The Briefing is the magazine of Matthias Media, the publishing house of conservative Anglicanism in Sydney. I used to subscribe but found it becoming increasingly rabid, and my favourite pieces were shortened versions from the now defunct Kategoria.
On a visit to my Reformed Presbyterian in-laws, I happened to read a few, just for nostalgia. There was a whole issue devoted to Hillsong, evaluating whether or not they thought Evangelicals could work with them. One of the pieces looked at the Darlene Zechsche (sp) song Shout to the Lord. The writer concluded that we shouldn't use their music in church, we shouldn't support them financially.
He attacked two parts of the lyrics. The first "forever I'll love you, forever I'll stand" was attacked as being Arminian in theology. Firstly, tough if it is. The writer assumes that the only true Evangelical is a 5 star Calvinist, and this simply isn't true. The who issue assumes that Arminianism is something that Hillsong "slides into", as if it were a fall from grace. Secondly, one could sing these lyrics and read them in a Calvinist manner, if one is willing not to be so anal as to insist that perserverance of the saints (or shouldn't that be preservation in their thinking) has to be spelt out. Secondly, there is the argument that "nothing compares to the promise I have in you" means potential since promise is singular and the bible speaks in the plural. I'd have to go to a concordance to confirm this, but again, who cares? The promise of salvation? Having decided they are bad, assumption mounts on assumption.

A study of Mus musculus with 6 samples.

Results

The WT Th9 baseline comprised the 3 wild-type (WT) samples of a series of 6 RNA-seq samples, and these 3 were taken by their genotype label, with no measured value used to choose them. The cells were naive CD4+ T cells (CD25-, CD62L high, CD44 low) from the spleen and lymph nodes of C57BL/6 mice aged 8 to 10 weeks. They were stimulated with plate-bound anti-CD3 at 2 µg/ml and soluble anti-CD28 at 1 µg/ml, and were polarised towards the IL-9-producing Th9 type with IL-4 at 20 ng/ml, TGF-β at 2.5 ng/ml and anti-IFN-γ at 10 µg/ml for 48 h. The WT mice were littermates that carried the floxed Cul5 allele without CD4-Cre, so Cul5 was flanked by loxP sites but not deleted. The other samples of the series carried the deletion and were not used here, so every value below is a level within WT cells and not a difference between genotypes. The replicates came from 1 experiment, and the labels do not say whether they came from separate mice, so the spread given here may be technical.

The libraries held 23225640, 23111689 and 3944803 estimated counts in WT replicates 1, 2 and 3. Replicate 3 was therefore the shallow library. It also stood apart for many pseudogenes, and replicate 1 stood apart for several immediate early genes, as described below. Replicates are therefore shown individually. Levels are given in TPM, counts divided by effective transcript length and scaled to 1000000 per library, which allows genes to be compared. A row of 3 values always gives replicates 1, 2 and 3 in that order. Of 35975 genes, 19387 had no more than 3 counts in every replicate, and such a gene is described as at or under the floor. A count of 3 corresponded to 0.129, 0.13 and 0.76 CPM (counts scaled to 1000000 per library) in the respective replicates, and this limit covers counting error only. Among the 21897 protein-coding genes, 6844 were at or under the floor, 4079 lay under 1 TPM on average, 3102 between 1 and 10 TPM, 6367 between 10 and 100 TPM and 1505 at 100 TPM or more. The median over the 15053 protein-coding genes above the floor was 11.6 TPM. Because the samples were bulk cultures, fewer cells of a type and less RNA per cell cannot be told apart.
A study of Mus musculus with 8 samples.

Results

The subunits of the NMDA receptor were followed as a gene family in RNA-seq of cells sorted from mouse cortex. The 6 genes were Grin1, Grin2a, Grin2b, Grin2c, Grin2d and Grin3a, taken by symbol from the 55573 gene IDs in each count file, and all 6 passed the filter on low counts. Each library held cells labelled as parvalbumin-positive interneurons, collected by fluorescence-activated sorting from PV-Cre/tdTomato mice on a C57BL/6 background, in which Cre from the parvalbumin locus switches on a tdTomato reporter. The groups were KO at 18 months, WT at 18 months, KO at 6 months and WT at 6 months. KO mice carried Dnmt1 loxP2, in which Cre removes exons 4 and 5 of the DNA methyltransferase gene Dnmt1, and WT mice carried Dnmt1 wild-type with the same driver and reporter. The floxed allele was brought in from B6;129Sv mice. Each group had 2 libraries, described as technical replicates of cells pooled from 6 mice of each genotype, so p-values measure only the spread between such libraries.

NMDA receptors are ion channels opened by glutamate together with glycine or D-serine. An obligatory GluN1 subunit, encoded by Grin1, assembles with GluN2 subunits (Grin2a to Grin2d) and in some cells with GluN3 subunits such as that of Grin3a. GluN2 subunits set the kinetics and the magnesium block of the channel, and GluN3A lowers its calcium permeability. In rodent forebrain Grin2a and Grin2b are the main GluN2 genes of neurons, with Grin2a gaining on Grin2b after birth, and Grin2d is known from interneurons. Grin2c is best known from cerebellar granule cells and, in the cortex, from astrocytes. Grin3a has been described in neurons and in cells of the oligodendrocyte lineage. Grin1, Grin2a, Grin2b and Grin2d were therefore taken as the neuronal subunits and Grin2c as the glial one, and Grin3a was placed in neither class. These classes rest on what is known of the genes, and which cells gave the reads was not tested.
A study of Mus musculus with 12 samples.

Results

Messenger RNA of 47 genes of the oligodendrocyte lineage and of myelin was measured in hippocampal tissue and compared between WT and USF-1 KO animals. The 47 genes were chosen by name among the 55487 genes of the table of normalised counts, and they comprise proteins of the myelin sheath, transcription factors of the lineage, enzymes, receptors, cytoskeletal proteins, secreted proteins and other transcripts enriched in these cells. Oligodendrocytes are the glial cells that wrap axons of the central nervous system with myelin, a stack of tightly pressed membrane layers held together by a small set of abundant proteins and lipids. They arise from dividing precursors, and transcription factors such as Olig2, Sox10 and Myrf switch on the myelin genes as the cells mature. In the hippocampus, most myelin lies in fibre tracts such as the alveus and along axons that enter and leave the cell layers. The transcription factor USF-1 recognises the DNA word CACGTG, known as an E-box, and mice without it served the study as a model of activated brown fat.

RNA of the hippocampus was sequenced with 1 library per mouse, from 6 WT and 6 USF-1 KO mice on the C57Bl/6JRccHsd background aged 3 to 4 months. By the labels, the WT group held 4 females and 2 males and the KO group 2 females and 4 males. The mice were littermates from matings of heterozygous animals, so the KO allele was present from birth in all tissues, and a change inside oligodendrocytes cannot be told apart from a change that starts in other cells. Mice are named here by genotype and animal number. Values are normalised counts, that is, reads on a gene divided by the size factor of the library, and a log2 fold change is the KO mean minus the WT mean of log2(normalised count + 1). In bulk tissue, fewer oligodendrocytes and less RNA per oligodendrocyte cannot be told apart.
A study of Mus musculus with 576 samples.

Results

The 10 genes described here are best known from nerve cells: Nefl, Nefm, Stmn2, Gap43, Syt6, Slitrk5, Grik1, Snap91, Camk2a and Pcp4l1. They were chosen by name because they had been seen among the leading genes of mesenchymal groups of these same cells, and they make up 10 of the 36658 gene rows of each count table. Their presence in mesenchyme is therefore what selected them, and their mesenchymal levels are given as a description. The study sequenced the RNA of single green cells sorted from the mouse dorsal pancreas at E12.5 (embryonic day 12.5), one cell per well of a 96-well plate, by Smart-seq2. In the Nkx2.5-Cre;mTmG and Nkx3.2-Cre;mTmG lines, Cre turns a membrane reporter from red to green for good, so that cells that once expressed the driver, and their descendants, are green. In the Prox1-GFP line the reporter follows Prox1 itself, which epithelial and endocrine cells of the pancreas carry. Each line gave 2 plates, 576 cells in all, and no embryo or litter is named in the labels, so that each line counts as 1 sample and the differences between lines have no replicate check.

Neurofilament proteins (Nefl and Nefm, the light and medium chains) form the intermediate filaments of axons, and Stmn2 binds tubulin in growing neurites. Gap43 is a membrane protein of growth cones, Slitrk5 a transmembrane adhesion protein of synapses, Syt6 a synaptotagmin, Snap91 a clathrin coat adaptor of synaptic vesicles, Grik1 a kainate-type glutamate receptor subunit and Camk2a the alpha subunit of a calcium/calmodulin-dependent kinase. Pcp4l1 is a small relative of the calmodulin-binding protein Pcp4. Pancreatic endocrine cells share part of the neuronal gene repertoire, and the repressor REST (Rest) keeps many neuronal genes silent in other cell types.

One thing missing was the real problem of the song, which is shown in the mockery of the lyrics "My Jesus, my saviour" as "My Jesus, my girlfriend". I nearly fell over, but the following Sunday the Reformed church sang the song, but properly corrected to negate individualistic and over sentimental understandings by singing "Our Jesus, our saviour". The Briefing strained out the gnat but swallowed the camel!
I agree we need to listen carefully to lyrics (hence I don't sing the part of the Stuart Townsend song that says "the wrath of God was satisfied" since I think that is a problematic view of the atonement, whilst not denying that God's wrath had to be dealt with).
So, listen hard but sing heartily, for "to sing once is to pray twice".